I am about half-way through Bruce Catton’s A Stillness at Appomattox and I am enjoying it immensely. While I’ve read a few essays and sections of various books this is the first Catton book that I will read in its entirety. It is easy to see why he is so popular and I have a much better sense of how he excited the imagination of an entire generation. Catton was an incredibly talented writer and his sense of narrative is infectious. On a number of occasions I found myself completely immersed in Catton’s world. At the same time I can’t help but reflect on the book as a product of its time.
Given its publication in 1953, Stillness functioned as a wonderful example of a national history of the Civil War. The narrative would have appealed to a wide range of Americans, who had experienced the horrors of WWII and the emergence of the United States as the most powerful nation and self-proclaimed leader of the free world. Increasing tensions during the early Cold War period and a conscious self reflection that emphasized freedom and democracy constitute an important cultural and political backdrop necessary to understand this book’s influence.
Even in the final year of the Civil War Catton manages to maintain a clear focus on the emergence of a stronger nation. While the reader absorbs the horrific scenes from the Wilderness, Spotsylvania, and Cold Harbor, Catton steers clear of any moral responsibility. And while he works to bring the reader close to the precipice of a nation teetering on self destruction the reader is not allowed to lose sight of the war as a national struggle that will be resolved one way or the other. Consider the following passage:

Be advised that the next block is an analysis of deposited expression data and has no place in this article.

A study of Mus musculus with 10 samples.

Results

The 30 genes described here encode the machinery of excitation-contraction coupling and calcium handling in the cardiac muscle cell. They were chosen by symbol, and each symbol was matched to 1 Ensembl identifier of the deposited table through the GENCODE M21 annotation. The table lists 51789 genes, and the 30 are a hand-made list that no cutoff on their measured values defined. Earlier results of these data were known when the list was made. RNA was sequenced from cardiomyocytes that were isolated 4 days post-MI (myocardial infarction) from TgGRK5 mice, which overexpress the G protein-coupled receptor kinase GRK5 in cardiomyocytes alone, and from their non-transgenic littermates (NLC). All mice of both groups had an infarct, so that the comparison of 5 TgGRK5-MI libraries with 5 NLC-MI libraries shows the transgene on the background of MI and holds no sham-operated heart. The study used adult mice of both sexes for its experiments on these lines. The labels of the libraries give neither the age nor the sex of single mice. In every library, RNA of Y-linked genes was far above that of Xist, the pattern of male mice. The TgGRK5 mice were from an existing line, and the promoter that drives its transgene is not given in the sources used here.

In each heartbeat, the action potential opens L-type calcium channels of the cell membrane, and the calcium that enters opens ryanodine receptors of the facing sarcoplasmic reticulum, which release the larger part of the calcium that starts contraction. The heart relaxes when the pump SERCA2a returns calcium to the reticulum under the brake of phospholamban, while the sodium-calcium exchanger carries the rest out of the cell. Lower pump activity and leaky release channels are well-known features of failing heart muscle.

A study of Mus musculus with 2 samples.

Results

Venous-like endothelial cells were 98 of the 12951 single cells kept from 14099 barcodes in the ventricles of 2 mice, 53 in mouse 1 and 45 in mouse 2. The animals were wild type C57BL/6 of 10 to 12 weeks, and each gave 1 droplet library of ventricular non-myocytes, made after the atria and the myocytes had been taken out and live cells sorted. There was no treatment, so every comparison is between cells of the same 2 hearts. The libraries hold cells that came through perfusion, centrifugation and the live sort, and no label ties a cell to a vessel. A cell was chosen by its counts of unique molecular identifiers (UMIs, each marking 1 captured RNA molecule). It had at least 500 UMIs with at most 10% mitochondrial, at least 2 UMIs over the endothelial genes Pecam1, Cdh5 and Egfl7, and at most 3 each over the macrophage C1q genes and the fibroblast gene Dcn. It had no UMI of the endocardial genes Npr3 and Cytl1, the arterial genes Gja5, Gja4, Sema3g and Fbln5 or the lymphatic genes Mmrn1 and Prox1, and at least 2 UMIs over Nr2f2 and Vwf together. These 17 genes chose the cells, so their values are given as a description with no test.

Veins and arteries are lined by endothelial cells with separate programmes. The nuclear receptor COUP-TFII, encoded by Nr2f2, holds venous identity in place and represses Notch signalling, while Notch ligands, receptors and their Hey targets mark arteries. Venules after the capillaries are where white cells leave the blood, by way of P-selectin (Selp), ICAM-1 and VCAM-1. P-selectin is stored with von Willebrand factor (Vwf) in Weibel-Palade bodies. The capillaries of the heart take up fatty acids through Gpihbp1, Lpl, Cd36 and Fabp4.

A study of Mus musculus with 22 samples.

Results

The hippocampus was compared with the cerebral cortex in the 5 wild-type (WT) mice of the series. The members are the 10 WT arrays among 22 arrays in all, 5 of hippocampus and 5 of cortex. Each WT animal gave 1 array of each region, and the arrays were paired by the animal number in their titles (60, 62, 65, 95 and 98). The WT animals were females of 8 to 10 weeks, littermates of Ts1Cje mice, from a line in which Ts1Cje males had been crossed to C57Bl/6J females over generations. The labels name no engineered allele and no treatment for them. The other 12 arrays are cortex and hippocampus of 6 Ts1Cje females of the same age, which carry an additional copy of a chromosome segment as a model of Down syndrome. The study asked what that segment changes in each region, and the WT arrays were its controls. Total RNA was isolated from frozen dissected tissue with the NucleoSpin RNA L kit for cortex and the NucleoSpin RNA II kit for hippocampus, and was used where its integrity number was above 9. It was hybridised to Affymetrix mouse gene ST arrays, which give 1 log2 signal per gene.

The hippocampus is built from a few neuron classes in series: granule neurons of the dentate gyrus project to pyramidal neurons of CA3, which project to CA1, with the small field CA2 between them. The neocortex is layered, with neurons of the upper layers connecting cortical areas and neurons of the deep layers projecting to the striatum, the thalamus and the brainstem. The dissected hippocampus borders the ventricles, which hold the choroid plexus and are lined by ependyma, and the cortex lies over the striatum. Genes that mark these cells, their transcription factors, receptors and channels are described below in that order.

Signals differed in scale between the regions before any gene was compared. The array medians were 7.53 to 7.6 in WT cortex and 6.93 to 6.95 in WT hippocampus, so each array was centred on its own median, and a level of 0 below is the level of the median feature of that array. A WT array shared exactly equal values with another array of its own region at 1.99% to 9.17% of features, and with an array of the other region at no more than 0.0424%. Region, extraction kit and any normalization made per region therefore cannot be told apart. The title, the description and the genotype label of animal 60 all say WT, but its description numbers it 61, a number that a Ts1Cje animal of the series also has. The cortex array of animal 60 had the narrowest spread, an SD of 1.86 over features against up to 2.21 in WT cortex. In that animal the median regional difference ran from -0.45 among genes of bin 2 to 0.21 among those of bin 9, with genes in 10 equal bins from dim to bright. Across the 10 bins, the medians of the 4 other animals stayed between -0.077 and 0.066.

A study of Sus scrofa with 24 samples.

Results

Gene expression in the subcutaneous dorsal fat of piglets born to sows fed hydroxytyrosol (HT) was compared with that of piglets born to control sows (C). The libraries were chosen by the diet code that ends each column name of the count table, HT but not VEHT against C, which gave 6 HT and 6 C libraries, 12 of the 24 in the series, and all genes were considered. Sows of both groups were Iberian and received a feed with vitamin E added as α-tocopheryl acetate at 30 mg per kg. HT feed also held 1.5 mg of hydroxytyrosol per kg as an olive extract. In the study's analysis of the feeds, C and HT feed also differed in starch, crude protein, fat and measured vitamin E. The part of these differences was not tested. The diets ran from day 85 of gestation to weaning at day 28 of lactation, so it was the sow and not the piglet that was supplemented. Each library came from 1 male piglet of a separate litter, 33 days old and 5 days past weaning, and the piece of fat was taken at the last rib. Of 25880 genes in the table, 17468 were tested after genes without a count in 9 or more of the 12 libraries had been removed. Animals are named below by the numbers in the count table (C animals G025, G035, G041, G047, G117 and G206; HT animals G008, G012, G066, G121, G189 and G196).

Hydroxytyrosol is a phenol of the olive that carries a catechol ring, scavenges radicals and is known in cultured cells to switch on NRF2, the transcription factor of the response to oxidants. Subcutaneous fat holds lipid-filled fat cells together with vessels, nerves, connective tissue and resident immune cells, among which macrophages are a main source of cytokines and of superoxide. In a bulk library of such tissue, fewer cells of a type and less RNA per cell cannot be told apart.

For of all the men who controlled and directed the war, Lincoln was the one who most deeply shared the spirit that moved across the steaming trenches at Cold Harbor–fight to the limit as long as the fighting as to go on, but strike hands and be friends the moment that fighting stops. Before the war even began, in that haunted springtime when its dark shape was rising, Lincoln had tried to warn North and South that they could never travel on separate roads. Win or lose, someday they would have to get along with each other again, and whatever they did before that day came had better be done in such a way that getting along together would still be possible. The soldiers had got the point perfectly, and they expressed it very simply: Hang a few troublemakers and we’ll go home. Mysteriously, the fighting seemed to be bringing them mutual understanding, and they may almost have been closer to each other, in spirit, than they were to their own civilians back home. Yet there was nothing they could do about it. They had not made the war and they would not end it. They could only fight it. [pp. 175-76]
The passage – as well as other sections of the book – betrays a strong conviction that Civil War soldiers were not politically engaged. The cause of the war was “born of anger and misunderstanding” and was now being directed by politicians, but Catton’s soldiers don’t seem to give these issues much thought at all. This has as much to do with maintaining as close to a consensus history as possible in 1953 as it does with the state of Civil War historiography.
An appreciation for the title of this book clearly emerges from the above passage. Catton anticipates an easy reconciliation once the necessity for hard fighting has ceased. That “stillness” is the sound of a nation reunited. The Civil War that emerges from these pages is the great American story. There are heroes, tragedy, great sadness, and an emerging national greatness. In the end, the war is self contained and divorced from the fierce political debates of the 1850s as well as the consequences of the war that were only beginning to re-emerge in Catton’s postwar society.
Now, if you will excuse me, the Army of the Potomac is about to cross the James River.